Electron affinity is energy released when an electron is added to an isolated atom in the gaseous state. For example,
X(g) + e- ------> X-(g) + Energy
(where X = F, energy 322 kJ mol; X = Cl, energy = 349 kJ mol; X = Br, energy = 324 kJ mol; X = I, energy = 295 kJ mol).
Halogens (elements of group 17) can take up an electron to acquire the stable noble gas configuration. Their values for electron affinity are thus very high. As we move across a period, electron affinity usually increases, and while going down a group it decreases. The electron affinity of an element is generally determined indirectly from thermodynamic data.
Although electron affinities of all the elements have not been determined, the following trends in electron affinities of some elements in the periodic table are evident.
Electron affinities generally decrease in moving down the group. This is expected on account of the increase in size of the atom on moving down the group. Due to increase in the size of atoms, the effective nuclear attraction for electrons decreases. As a result, there are fewer tendencies to attract additional electrons with an increase in atomic number.
In the figure electron affinities of halogens are plotted against their atomic numbers. It may be noted that contrary to expectation, the electron affinity of fluorine is lower than that of chlorine. This is because the fluorine atom has a very compact electronic shell due to its small size. The compactness of the fluorine shell results in electron-electron repulsion whenever an electron is introduced into its 2p shell. This is why its electron affinity is less than expected. In the chlorine atom, the 3p orbitals are not as compact as the 2p orbitals in fluorine atom. The chlorine atom, because of weaker electron-electron repulsion, more readily accepts the incoming electron. The electron affinity of chlorine is, therefore, higher than that of fluorine.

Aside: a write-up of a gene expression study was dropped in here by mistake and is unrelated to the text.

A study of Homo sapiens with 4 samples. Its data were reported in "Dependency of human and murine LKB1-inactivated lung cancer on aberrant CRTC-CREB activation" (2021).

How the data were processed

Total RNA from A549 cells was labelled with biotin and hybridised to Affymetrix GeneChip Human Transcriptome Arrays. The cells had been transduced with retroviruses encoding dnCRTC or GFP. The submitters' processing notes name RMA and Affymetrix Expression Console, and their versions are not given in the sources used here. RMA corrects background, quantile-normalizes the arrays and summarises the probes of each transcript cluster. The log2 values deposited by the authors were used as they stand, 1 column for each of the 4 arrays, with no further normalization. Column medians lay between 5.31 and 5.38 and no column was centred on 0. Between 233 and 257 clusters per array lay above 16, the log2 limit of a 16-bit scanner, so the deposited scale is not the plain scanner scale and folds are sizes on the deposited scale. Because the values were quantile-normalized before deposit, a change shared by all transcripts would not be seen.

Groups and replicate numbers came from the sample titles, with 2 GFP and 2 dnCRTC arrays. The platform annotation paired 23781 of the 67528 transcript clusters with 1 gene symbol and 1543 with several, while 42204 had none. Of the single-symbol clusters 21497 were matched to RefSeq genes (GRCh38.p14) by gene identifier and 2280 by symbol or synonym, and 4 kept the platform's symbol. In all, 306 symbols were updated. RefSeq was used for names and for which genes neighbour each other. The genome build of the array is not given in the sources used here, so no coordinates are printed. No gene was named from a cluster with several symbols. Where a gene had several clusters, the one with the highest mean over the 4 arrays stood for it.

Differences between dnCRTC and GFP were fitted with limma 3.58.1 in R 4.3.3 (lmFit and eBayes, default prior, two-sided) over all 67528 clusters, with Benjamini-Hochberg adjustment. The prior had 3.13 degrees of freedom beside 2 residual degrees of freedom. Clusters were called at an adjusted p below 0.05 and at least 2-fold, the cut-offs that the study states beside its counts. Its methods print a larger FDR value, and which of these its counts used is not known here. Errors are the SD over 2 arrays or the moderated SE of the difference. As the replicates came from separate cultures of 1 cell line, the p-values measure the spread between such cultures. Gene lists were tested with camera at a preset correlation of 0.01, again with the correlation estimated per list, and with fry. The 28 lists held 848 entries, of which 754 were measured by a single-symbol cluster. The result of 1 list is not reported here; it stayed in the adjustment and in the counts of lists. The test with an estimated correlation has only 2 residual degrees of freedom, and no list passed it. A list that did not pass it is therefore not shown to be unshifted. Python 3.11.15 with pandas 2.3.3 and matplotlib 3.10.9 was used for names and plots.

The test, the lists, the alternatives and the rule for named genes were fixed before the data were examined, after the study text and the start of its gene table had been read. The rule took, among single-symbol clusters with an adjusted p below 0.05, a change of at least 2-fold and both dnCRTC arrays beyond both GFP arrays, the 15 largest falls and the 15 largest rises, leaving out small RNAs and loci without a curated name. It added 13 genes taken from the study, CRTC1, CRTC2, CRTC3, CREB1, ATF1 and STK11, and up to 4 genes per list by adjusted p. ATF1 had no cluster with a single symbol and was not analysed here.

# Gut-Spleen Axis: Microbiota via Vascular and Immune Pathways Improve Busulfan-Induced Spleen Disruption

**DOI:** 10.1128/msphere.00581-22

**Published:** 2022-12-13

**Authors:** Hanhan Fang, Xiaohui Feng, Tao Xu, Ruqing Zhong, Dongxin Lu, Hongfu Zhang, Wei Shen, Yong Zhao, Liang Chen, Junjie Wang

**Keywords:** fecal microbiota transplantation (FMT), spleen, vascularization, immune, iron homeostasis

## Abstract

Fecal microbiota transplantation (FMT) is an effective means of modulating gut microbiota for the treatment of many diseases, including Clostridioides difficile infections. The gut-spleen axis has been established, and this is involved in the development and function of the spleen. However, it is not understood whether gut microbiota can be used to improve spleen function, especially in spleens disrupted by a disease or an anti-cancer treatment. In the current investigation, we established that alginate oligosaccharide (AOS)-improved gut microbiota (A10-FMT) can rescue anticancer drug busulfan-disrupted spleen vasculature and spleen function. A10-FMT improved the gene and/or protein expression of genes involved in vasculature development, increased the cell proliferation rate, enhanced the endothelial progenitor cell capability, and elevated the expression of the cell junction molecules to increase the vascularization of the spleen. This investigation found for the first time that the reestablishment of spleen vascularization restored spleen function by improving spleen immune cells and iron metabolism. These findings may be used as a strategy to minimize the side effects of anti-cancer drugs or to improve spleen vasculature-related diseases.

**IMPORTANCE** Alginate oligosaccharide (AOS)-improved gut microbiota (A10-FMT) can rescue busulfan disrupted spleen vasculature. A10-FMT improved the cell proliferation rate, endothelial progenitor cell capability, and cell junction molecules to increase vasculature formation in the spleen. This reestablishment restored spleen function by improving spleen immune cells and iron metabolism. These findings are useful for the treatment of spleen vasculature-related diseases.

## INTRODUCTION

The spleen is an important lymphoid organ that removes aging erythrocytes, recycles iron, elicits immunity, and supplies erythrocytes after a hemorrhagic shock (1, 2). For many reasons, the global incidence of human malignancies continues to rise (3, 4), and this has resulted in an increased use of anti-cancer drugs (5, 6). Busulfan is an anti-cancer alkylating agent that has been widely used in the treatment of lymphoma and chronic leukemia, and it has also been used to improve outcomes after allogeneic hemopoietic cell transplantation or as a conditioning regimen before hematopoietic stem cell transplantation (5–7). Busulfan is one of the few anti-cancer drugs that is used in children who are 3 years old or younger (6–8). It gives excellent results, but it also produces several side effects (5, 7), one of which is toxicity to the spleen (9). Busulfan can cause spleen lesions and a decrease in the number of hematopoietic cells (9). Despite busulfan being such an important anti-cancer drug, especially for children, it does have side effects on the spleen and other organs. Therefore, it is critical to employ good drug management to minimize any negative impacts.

In the case of noble gases, the outer s and p orbitals are completely filled. No more electrons can be accommodated in these orbitals. Noble gases, therefore, show no tendency to accept electrons. Their electron affinities are zero.
Electron affinities generally increase as we move across a period from left to right. This is due to the increase in the nuclear charge, which results in greater attraction for electrons. In the second period, for example, the electron affinity has a maximum value for fluorine.
O-(g) + e- -----> O2-(g)
Since a negative ion (O-) and electron repel each other, energy is required and not released by the process. All second affinities are thus negative.